A controversial project to build a boat ramp and reclaim an area of Kerikeri Inlet for trailer parking has been approved for fast-tracked consenting.
The Far North District Council plans to build a double-width boat ramp, replace a broken jetty, and reclaim about 6400sq m of seabed off Rangitane Loop Rd for a parking area with space for 12 cars and 16 boat trailers.
The project was last year granted $2.4 million from the Government's Covid Recovery Fund — including $384,000 to renew the jetty — with the council contributing another $1.2m.
Under the Covid-19 Recovery (Fast-track Consenting) Act 2020, projects that meet certain criteria are allowed to bypass the usual council-run Resource Management Act process.
Instead, the decision whether the Rangitane Maritime Development can go ahead will be made by a government-appointed expert panel.
Under the fast-tracking legislation a decision must be made within 45 working days — or 70 if an extension is granted — of the application being lodged with the Environmental Protection Authority.
By comparison, the usual publicly notified consent process averages more than 200 working days and can stretch into years, especially if the outcome is appealed to the Environment Court.
The decision to allow fast-tracked consenting for the project was announced on September 3.
The boat ramp and reclamation plan has sharply divided the Rangitane community.
It is supported by the Rangitane Recreation Association, set up in 2019 as a breakaway from the Rangitane Residents' Association.
Secretary Jackie Hatch said the group was delighted by the news.
''Now we're waiting with bated breath for the outcome ... It will provide a safe entry point to the sea and will be a great asset for the whole community.''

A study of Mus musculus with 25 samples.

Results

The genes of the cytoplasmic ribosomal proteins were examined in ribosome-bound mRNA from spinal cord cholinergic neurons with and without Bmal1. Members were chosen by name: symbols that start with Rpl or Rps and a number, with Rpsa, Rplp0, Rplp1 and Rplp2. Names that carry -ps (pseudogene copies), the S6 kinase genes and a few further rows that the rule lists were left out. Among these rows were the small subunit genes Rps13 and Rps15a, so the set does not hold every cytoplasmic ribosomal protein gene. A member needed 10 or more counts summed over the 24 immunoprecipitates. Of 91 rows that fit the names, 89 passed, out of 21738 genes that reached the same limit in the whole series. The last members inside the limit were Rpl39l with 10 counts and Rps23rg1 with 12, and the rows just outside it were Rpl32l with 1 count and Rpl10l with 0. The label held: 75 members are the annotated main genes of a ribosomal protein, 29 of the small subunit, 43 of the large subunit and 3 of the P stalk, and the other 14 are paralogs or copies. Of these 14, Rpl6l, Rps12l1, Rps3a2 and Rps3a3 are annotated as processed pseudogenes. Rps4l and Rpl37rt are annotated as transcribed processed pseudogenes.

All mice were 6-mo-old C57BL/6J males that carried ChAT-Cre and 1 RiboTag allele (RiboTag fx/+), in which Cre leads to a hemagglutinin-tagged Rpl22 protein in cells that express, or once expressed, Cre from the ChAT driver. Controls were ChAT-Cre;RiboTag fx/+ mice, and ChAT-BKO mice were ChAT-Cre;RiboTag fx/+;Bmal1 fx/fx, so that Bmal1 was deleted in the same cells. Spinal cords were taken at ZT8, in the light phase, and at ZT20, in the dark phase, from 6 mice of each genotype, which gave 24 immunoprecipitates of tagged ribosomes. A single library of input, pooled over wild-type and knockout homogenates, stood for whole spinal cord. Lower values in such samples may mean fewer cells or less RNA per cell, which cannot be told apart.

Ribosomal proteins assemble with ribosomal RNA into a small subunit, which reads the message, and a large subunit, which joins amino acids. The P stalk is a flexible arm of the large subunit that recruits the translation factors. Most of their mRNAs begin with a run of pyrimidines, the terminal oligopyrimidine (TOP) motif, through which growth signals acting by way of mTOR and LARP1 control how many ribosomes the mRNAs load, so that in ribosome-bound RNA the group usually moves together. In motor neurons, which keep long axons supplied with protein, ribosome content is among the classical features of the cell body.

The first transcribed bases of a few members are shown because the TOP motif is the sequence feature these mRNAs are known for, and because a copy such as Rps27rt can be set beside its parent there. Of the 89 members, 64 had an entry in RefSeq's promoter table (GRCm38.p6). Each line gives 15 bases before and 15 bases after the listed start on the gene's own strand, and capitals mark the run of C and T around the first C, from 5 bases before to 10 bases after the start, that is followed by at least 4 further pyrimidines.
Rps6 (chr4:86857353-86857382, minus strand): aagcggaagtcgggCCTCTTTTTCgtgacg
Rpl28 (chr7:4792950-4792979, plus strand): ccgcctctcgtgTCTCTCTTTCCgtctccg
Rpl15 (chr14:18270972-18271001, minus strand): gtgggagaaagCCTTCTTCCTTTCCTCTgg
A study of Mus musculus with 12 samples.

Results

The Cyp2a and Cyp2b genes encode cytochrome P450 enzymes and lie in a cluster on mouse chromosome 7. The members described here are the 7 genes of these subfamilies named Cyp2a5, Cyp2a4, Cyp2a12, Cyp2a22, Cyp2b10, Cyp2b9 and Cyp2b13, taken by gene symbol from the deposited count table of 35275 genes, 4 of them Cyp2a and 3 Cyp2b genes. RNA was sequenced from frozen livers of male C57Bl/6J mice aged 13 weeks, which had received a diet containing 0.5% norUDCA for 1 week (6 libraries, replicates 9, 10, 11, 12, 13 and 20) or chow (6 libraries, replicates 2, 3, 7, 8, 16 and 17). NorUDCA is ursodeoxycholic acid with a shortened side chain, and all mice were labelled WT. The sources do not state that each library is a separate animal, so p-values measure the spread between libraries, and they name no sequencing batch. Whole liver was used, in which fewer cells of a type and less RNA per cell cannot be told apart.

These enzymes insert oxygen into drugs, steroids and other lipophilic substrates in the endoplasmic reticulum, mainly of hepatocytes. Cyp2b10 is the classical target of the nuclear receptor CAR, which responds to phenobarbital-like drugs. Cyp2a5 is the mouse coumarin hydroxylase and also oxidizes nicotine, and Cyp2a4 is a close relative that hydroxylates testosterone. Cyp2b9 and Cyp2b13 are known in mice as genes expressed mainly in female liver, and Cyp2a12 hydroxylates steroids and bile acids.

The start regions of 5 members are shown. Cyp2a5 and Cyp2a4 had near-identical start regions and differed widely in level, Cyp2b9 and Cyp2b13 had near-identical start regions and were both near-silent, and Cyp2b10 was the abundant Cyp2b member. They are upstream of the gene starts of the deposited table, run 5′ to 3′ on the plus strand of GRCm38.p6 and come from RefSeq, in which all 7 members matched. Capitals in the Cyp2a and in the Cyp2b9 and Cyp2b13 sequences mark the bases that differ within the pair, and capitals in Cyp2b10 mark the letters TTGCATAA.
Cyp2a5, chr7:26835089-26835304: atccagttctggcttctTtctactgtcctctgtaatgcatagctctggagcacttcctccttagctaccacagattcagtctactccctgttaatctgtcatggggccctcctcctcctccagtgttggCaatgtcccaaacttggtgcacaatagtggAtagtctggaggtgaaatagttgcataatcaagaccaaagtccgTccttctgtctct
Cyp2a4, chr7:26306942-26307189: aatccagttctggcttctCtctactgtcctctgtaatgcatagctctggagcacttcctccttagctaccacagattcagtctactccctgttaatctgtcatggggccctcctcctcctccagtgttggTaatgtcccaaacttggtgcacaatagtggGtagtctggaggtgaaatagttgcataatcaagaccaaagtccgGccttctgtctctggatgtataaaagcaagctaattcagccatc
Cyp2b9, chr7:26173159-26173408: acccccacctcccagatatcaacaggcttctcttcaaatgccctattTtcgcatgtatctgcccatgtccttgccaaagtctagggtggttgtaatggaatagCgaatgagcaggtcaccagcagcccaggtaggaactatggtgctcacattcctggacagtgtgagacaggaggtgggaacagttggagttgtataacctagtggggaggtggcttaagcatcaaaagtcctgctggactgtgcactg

Hatch said the existing boat ramp was unsafe, as was the use of roadsides for parking given the lack of footpaths in the area.
The project would include a footpath as well as a boardwalk to nearby Rangitane Reserve where the council planned to build public toilets, another long-standing issue in the seaside suburb.
The project is also supported by hapū Ngāti Rēhia, which says more boat ramps are needed because the coastal property boom has deprived many Bay of Islands residents of access to the water.
However, the plan is strongly opposed by Rangitane Residents' Association, which holds the consent for renewal of the existing jetty.
The group did not want to comment for this article, but has previously raised concerns about limited parking, the project's cost and the likely increase in traffic — in particular large vehicles towing boat trailers — on a narrow residential road.
Members also worry that more traffic could lead to more kiwi being run over.
The group has previously said it agrees another boat ramp is needed in the Bay of Islands, but believes the council needs to find a ''future-proofed'' location not in a residential area.
They do want the council to go ahead with fixing the jetty.
However, Far North Holdings, the council-owned company managing the project, maintains the Government won't hand over the money for the jetty as long as that consent is held by a private organisation.
The fast-tracked consent process limits the parties that can have a say.
In this case, apart from the Ministers of Conservation and Regional Economic Development, they are Ngā Hapū o Takutai Moana, 14 local marae, Rangitane Recreation Association and Rangitane Residents' Association.
There is no requirement for notification of consent applications, and hearings are at the panel's discretion. The Fast-tracking Act also limits the right to appeal consent decisions.
However, the panel must decline a consent if it is inconsistent with the Treaty of Waitangi, which is not a requirement of the standard RMA process.
It's not the first boat ramp controversy in Kerikeri in recent times.
Plans to build an access road and parking at an existing ramp off Inlet Rd, on the opposite of the inlet, were delayed by Te Uri Taniwha objections and Environment Court action.
The new boat-launching facility at Rangitoto/Windsor Landing was completed in May with support from Ngāti Rēhia.